News Release, Kansas Geological Survey, May 20, 1999
Allison replaces Lee Gerhard, who steps down as the Survey's director on July 1. Gerhard has served as director since 1987 and will remain at the Survey in the position of principal geologist.
"The Kansas Geological Survey is one of the finest and most respected geoscience organizations in the country," said Allison. "It is a tremendous honor to join such an outstanding institution."
The Kansas Survey is a research and service division of KU, located on the university's west campus, with a branch office in Wichita. The Survey studies the state's geologic resources and hazards, focusing particularly on issues related to oil and natural gas, groundwater, and geologic mapping.
"Lee Allison's enthusiasm for the Kansas Geological Survey, and his national reputation, bode well for him to join a long line of distinguished directors of the Survey," said KU Chancellor Robert Hemenway.
Allison became the director of the Utah Geological Survey in 1989. Prior to that he was with the University of Utah Research Institute, specializing in oil, natural gas, and geothermal research. He has also held positions at Standard Oil Production Company in Texas, the California Institute of Technology's Jet Propulsion Laboratory, and Standard Oil of California.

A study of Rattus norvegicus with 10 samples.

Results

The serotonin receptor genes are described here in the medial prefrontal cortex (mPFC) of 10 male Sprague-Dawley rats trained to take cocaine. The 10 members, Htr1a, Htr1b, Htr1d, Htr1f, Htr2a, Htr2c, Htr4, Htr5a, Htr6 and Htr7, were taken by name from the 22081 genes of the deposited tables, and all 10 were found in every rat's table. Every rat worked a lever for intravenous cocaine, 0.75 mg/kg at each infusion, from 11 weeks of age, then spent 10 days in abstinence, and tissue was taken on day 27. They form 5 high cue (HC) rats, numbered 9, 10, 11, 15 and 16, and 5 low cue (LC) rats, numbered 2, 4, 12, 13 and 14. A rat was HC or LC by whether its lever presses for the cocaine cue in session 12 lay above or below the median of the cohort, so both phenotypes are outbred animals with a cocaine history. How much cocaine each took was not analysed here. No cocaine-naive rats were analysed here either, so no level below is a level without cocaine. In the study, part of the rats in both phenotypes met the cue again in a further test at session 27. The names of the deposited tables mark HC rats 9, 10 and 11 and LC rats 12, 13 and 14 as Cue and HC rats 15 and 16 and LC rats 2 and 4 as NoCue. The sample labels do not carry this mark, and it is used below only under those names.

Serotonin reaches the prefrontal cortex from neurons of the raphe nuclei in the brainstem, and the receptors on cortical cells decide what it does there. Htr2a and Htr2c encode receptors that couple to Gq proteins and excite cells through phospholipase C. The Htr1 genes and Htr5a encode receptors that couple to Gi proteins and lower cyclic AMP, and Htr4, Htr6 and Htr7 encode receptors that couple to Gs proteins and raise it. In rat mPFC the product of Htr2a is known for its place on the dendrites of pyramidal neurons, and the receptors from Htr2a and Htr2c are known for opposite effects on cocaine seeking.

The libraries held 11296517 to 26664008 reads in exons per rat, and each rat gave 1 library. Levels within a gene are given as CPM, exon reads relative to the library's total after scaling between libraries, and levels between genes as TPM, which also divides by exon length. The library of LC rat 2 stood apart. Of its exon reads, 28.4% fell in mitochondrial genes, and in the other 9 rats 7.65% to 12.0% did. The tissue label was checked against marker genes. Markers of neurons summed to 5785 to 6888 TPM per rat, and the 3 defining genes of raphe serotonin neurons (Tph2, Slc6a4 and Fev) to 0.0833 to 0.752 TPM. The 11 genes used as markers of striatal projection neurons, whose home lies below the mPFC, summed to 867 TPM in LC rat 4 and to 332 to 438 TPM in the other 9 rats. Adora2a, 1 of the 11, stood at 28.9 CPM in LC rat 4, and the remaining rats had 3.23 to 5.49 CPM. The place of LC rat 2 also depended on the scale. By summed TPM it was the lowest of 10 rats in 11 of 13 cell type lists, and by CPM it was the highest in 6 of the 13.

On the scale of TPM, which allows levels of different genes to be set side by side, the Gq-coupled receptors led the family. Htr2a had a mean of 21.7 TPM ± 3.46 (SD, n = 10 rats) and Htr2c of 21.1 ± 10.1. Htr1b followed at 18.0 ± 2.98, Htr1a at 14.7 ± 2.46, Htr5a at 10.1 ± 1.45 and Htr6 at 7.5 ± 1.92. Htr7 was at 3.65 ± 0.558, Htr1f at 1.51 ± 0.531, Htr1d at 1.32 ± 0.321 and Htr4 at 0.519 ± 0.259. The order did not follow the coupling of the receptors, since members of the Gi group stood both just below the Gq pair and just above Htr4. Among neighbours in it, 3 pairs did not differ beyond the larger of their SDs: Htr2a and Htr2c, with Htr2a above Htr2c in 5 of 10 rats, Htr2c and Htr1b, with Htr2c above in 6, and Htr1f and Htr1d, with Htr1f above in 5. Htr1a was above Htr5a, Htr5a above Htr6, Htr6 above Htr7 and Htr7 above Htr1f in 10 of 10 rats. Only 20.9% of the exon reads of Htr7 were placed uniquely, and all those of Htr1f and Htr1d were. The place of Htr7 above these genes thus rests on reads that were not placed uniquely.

A native of Pennsylvania, Allison earned an undergraduate degree in geology from the University of California-Riverside, a master's degree in geology from San Diego State University, and Ph.D. in geology from the University of Massachusetts.
Allison is a member of numerous scientific societies and was the general chairman for the annual gatherings of two of geology's largest professional groups: the 1998 meeting of the American Association of Petroleum Geologists, and the 1997 meeting of the Geological Society of America. Both were held in Salt Lake City. He has been active in the Utah Seismic Safety Commission, helping to study and publicize earthquake-related issues in Utah.
Allison has also written or co-authored a number of technical scientific publications, writing extensively on the mineral resources of the newly created Grand Staircase-Escalante National Monument of Utah, and on the geology of various oil fields and geothermal resources in the southwestern U.S.
"We are pleased that Lee Allison has chosen to come to KU to direct the Kansas Geological Survey," said Robert Barnhill, KU's Vice Chancellor for Research and Public Service. "Dr. Allison brings a wealth of experience to the position. We look forward to working with him as he builds on the Survey's excellent reputation for providing outstanding service to the people of Kansas and fostering research collaborations across the KU campus and with other agencies and academic institutions."
Allison will begin the new position in mid-July.